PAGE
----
Surprised and outraged is how Gov. Christine Gregoire described her reaction to learning that scores of felons, accused of violating their parole, had been recently released from King County jails. Surprised and outraged could also be used to describe the reaction of many local residents upon their learning of the proposed deal between Gov. Gregoire and Snohomish County Executive Aaron Reardon to reopen the mothballed Indian Ridge Correctional Facility to house low-risk inmates there.
The Ridge, as it is now being called, is a 180-bed county facility southeast of Arlington that was closed in 2005. The recently announced deal calls for it to be reopened within weeks to house up to 180 minimum-security prisoners from the countys Everett jail, freeing up space at the jail to house prisoners from the Department of Corrections.
While the proposal has several benefits, mostly for the state and the county, it does have some drawbacks.
For the state, the proposal offers more space to house inmates so that, in the future, they will not be released early due to overcrowding. This could also enhance public safety as prisoners are forced to finish serving their sentences and are held accountable for their actions. For the county, the benefits are more economic. The county will charge the state $70 per day to house each prisoner. It is estimated the state will pay nearly $4 million in fees annually to house prisoners at the Ridge, while it is expected to cost about $2.9 million a year to operate the facility a significant profit for the countys coffers.
One of the downsides to the proposal is the foreseeable difficulty in staffing the facility with qualified personnel. Local law enforcement agencies are having a difficult time in finding, hiring and training qualified applicants to fill the current vacancies in their departments. Snohomish County Sheriff Rick Bart, who is having difficulties hiring recruits to fill his departments vacancies, expressed some doubts about the process. Its a time-consuming process. If people think theyre getting more sheriffs deputies out there, just because the ridge is reopening, that is a fallacy. Im not seeing us getting any more funding for additional patrols.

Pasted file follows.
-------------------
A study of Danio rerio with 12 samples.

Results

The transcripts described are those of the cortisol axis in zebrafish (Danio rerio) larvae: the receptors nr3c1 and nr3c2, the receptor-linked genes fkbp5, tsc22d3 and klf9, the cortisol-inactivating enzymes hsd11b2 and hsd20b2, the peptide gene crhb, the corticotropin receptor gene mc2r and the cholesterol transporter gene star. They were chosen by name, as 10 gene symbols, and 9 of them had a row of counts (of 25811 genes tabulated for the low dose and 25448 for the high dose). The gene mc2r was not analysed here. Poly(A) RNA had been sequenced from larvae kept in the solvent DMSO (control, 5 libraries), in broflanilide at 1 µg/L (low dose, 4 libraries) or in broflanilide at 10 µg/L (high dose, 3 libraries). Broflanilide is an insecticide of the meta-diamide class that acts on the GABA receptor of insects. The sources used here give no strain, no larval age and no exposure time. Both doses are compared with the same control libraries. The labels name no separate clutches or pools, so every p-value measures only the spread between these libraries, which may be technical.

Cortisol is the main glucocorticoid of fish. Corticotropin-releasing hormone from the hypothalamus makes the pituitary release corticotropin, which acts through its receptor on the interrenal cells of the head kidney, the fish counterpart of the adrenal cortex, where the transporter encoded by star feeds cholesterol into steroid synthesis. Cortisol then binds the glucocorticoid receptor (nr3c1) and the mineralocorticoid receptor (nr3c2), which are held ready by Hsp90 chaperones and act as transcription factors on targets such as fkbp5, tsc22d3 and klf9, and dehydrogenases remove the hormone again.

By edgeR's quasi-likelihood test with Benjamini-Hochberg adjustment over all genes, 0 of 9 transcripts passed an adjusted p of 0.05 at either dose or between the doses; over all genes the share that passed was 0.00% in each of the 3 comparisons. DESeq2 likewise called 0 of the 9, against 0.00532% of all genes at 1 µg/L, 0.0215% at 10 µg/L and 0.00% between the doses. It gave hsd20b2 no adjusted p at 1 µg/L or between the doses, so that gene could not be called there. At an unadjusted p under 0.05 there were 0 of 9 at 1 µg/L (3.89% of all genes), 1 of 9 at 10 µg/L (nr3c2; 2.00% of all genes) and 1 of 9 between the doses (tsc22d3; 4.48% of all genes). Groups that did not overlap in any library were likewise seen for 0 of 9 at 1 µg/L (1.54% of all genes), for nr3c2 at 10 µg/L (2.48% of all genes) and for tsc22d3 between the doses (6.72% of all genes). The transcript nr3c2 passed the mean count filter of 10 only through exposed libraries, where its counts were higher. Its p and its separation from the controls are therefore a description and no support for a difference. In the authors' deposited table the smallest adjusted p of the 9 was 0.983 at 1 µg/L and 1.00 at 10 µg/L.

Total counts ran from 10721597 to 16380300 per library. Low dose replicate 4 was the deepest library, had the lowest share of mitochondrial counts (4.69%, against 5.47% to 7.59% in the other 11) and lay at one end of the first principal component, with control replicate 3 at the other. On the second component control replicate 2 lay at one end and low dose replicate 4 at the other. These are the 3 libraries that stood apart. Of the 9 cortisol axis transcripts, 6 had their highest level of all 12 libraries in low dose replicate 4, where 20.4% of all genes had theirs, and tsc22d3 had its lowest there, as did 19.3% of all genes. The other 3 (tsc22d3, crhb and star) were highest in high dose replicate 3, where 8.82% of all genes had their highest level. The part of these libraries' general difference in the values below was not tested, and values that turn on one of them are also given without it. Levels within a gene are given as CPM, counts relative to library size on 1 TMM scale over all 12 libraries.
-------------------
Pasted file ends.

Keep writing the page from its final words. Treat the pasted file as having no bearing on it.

Another drawback for the proposal is the lack of local involvement before the announcement was made. Arlington Heights Improvement Club member Laura Hoffman criticized both Gov. Gregoire and Reardon for not consulting with local residents before agreeing to reopen the Ridge and is upset by what she considers as inadequate law enforcement coverage of her neighborhood. Aaron Reardon has been here once, and that was when he was trying to get elected, said Hoffman. Weve never seen Gov. Gregoire up here. I dont even think she knows where Indian Ridge is. Members of the sheriffs office told us, at our last meeting with them, that our best defense from crime was to watch out for each other. I understand their funding issues, but if theyre not capable of a presence in the Heights, then the county shouldnt be housing inmates out here.
And while local community members may rightfully be upset that they were not consulted prior to the decision being made, they will have an opportunity to find out more about the proposal and, hopefully, let their concerns be known. A town hall meeting has been scheduled by the Arlington Heights Improvement Club, for March 20, beginning at 7 p.m., at 12221 Arlington Heights Road. Snohomish County Department of Corrections Director Steve Thompson, Snohomish County Community Corrections Commander and project manager for the Ridge Jim Harms, Snohomish County Department of Corrections Deputy Director Susan Clawson and Snohomish County Council member John Koster have all said they will be attending. You should too. With improved communication and the proper cooperation between all those involved the state, the county and community residents the benefits of the proposal could outweigh any potential drawbacks.
To contact a member of The Marysville Globe/Arlington Times editorial board Kris Passey, Scott Frank e-mail email@example.com.